Private mortgage insurance (PMI) is an insurance policy that protects lenders from the risk of default and foreclosure, and allows buyers who cannot make a significant down payment (or those who choose to not to) to obtain mortgage financing at affordable rates. If you purchase a home and put down less than 20%, your lender will probably minimize its risk by requiring you to buy insurance from a PMI company prior to signing off on the loan.
6 Reasons To Avoid Private Mortgage Insurance
One way to avoid paying PMI is to make a down payment that is equal to at least 20% of the purchase price of the home. If your new home costs $180,000, for example, you would need to put down at least $36,000 to avoid paying PMI. While that's the simplest way to avoid PMI, a down payment that size may not be feasible.
Another option for qualified borrowers is a piggyback mortgage. In this situation, a second mortgage or home equity loan is taken out at the same time as the first mortgage. With an "80-10-10" piggyback mortgage, for example, 80% of the purchase price is covered by the first mortgage, 10% is covered by the second loan, and the final 10% is covered by your down payment. This lowers the loan-to-value (LTV) of the first mortgage to under 80%, eliminating the need for PMI. For example, if your new home costs $180,000, your first mortgage would be $144,000, the second mortgage would be $18,000, and your down payment would be $18,000.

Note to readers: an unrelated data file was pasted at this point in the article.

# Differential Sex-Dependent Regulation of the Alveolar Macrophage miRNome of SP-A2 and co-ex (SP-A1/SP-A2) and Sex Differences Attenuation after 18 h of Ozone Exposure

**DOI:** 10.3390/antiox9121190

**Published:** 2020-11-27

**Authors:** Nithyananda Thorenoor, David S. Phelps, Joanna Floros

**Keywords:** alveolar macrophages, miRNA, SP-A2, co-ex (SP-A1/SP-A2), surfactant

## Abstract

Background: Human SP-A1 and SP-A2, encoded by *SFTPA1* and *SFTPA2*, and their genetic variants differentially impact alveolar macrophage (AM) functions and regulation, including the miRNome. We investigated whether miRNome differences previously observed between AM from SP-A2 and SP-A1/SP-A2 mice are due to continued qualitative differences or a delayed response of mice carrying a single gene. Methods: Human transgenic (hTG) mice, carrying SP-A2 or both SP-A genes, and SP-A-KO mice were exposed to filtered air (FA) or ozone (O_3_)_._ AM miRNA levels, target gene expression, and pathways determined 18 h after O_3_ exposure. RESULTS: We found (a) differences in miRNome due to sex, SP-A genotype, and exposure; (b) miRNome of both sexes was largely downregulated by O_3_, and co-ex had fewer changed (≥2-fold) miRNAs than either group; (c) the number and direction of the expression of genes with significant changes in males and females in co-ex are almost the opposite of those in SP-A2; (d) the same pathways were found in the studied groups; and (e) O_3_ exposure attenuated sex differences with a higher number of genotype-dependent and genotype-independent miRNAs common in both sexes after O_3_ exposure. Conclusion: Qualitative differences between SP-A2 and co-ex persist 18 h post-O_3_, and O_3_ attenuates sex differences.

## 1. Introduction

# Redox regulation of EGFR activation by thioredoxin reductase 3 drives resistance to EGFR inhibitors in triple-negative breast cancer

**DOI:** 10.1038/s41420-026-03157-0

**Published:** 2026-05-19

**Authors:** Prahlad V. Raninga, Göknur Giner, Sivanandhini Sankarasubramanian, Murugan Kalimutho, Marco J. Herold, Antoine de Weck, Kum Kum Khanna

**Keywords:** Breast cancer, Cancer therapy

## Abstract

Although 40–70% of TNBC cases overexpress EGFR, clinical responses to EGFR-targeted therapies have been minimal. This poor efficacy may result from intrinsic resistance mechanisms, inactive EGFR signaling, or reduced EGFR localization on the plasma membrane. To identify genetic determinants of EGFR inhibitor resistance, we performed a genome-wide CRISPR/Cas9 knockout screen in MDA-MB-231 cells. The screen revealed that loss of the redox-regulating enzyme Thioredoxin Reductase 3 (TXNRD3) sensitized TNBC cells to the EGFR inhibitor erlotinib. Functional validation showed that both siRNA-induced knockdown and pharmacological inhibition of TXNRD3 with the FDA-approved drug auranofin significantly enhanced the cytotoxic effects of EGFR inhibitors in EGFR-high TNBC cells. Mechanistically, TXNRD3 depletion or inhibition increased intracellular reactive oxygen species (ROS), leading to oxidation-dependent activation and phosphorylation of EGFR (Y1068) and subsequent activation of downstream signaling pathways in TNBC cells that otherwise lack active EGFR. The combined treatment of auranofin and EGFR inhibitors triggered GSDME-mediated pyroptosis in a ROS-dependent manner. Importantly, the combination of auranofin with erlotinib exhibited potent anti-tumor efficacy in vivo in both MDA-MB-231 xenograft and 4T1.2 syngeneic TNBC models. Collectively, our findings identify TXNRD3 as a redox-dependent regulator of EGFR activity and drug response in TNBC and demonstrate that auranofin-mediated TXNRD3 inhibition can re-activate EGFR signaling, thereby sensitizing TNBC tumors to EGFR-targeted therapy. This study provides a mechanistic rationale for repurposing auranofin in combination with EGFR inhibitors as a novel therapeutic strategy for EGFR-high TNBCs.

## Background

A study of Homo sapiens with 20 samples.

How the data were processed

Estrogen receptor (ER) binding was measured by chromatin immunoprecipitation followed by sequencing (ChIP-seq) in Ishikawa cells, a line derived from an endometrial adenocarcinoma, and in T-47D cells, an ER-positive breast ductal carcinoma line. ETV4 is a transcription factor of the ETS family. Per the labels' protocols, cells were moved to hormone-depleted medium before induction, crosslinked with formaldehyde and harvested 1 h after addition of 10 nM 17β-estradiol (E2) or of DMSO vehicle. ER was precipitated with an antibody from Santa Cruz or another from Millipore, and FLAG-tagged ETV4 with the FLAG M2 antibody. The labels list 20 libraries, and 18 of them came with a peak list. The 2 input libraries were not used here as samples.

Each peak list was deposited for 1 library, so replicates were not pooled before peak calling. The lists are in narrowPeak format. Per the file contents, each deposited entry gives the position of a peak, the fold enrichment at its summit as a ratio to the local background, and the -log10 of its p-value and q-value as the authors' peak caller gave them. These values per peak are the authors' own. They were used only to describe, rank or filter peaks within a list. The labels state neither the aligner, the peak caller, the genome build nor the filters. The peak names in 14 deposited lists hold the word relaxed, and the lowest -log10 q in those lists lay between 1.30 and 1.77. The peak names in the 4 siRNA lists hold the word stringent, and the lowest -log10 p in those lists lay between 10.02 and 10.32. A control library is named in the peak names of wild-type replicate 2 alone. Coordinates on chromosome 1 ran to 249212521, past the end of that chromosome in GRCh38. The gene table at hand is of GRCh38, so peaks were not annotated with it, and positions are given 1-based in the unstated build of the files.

A final option is lender-paid mortgage insurance (LMPI) where the cost of the PMI is included in the mortgage interest rate for the life of the loan. Therefore, you may end up paying more in interest over the life of the loan.
Scott Gaynor, CFP®, AIF®
KCS Wealth Advisory, LLC, Los Angeles, CA
There are a few ways to avoid PMI:
- Put 20% down on your home purchase
- Lender paid mortgage insurance (LPMI)
- VA loan (for eligible military veterans)
- Some credit unions can waive PMI for qualified applicants
- Piggyback mortgages
- Physician loans
There are a few things to note about the above options.
With LPMI, the lender pays the PMI cost, but will most likely provide you with a higher mortgage rate. Also, LPMI does not get eliminated like PMI eventually does.
With a piggyback mortgage buyers can use two loans instead of one (piggyback) to purchase a home. The first is a traditional mortgage loan. The second includes either a home equity line of credit or a standard home equity loan. The second loan covers the remaining amount to obtain the 20% down payment and usually has a higher rate.